Federal monitor: Oakland police fail to properly activate body cameras nearly 20% of the time

FILE ART - Oakland police

A court-appointed federal monitor tasked to oversee the Oakland Police Department found that officers failed to properly turn on their body cameras nearly 20 percent of the time and said they could do a much better job talking people down to de-escalate tense situations. 

Those were among the key findings in Robert Warshaw’s 65th status report of the department, which has been under federal oversight since 2003.

Warshaw’s report, filed in federal court on Dec. 19, found the department out of compliance or in partial compliance of four out of 50 “tasks” that Oakland police agreed to as part of a Negotiated Settlement Agreement. In all, the department is now out of full compliance with eight of the tasks. These tasks largely include topics such as reporting when force is used and how superiors review use of force investigations.

"I find the whole thing surprising," said civil rights attorney Jim Chanin, who along with John Burris, sued the police department in the landmark "Riders" case that prompted the federal oversight. "We were on the verge of leaving in 2014, 2015. It's just very disturbing.They're moving in the wrong direction." 

The federal monitor’s three biggest criticisms:

Oakland police failed to properly turn on their body cameras nearly 20 percent of the time

Warshaw found in 10 of the 55 investigations his team reviewed, Oakland police “either failed to activate their PDRDs or activated them late.” PDRDs stands for Personal Digital  Recording Devices, or body cameras.

Warshaw noted that this is a “a large number of deficiencies, especially considering the years that OPD has been using this technology.”  

In the majority of these cases, Warshaw said supervisors addressed the shortcomings with notes in the officers' files. In some of cases, Warshaw said the supervisor did not establish whether the officer had a pattern of failing to activate his or her body camera, and in two cases, Warshaw said that the failure to activate, or late activation, was not addressed by the supervisor.

Federal monitor Robert Warshaw walks into the Oakland police department. August 2019

Oakland paperwork needs to be filled out more completely

In some cases, Warshaw noted that officers indicated that their body cameras were activated, but failed to document that they had been activated late, or in some cases malfunctioned.  “Again, we found that this administrative section is sometimes inaccurate and does not reflect what occurred, even when the narrative for the reports may reflect accurate information,” Warshaw wrote.

He added: “Using this ‘boilerplate; or ‘pat’ language in the administrative section raises concerns about both the accuracy of reporting and the quality of supervisory reviews conducted. These kinds of reporting deficiencies should not be occurring at this late stage of the … process.”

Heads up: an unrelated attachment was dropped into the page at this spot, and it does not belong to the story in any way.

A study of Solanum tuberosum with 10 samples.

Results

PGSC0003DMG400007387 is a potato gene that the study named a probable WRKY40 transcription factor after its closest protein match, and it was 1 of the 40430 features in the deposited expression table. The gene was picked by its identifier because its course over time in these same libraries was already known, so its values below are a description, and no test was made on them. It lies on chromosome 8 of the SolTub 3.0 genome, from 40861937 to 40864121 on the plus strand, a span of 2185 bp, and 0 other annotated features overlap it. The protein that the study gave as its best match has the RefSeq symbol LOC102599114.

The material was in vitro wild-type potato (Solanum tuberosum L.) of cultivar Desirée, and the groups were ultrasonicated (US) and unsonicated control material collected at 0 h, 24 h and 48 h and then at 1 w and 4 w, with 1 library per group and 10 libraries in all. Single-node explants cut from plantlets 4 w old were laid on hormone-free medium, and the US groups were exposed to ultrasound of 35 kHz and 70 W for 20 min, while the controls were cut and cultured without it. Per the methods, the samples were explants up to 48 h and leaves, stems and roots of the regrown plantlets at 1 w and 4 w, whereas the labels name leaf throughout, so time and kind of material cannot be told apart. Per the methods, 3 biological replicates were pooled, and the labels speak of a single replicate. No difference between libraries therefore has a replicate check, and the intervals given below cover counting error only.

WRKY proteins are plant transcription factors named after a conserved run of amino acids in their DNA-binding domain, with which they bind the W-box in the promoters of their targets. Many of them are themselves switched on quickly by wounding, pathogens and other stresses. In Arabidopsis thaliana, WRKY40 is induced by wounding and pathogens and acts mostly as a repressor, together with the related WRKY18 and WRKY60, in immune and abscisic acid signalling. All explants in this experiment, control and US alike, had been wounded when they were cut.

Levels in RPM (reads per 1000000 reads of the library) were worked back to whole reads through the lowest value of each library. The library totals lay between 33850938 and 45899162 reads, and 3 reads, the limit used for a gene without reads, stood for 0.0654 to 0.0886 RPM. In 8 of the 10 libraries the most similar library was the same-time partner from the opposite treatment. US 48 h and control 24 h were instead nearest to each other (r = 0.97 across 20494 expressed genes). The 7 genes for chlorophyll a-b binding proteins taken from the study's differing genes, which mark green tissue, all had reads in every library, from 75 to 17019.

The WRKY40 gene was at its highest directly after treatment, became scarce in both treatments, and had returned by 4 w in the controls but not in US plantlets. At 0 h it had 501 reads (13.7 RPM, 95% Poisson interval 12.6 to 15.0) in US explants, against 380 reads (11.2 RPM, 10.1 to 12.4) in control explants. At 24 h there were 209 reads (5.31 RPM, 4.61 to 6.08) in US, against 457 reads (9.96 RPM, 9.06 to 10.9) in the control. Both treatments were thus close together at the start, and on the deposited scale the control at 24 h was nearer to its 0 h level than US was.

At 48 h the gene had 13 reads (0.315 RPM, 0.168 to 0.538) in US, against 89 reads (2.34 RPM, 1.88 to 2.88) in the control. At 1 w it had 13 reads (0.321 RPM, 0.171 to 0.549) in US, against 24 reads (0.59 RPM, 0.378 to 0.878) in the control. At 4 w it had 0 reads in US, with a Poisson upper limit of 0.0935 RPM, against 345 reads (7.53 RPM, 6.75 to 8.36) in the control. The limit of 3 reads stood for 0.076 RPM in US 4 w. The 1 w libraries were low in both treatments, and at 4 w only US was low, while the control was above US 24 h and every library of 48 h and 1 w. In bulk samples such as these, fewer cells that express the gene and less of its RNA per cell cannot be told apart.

In their legal filing to respond to Warchaw's criticisms, the Oakland city attorney’s office said the department is “working to correct both issues” as they relate to activating body cameras and using boilerplate language.

FILE ART - Oakland Police Chief Anne Kirkpatrick.

Oakland police could do a much better job de-escalation situations

Warshaw specifically mentioned a time in which an officer fired a beanbag projectile round at a mentally ill man who was said to have assaulted a passerby with a large stick. Warshaw said several officers had been establishing a rapport with the mentally ill man, until a newly arrived officer started firing a bean bag at the man within 90 seconds of arriving on site.

“We again identified incidents in our reviews where we believe that additional verbal communications and explanation with persons who were contacted might result in a reduction in the need to use physical force, and incidents where OPD failed to identify themselves as police officers when contacting subjects,” Warshaw wrote.  Ultimately, Warshaw took the department out of compliance with this task, called the Force Review Board. This board has the power to recommend whether actions fell within policy, to recommend to the chief whether additional training is required and to forward sustained policy violations to the discipline officers. In this case, the Force Review Board found the officer's actions with the bean bag to fall within policy. 

Oakland attorneys disagreed with Warshaw’s assessment, arguing in court papers that Police Chief Anne Kirkpatrick agreed that the scene supervisor should receive discipline “for not exercising better control and not making better tactical plans.” The incident prompted a review of best practices for people experiencing a mental health crisis, the city attorney’s office said. The city's response did not state what type of discipline the chief recommended or why it wasn't meted out. 

Finally, City Attorney David Pereda also argued that it was improper for the department to fall out of compliance over a disagreement with Warshaw.

The order, he said, never states that the monitoring team and police brass must agree on every case.

He wrote: “Even though the city aims to hit that mark, reasonable minds will sometimes differ, and that test is not workable."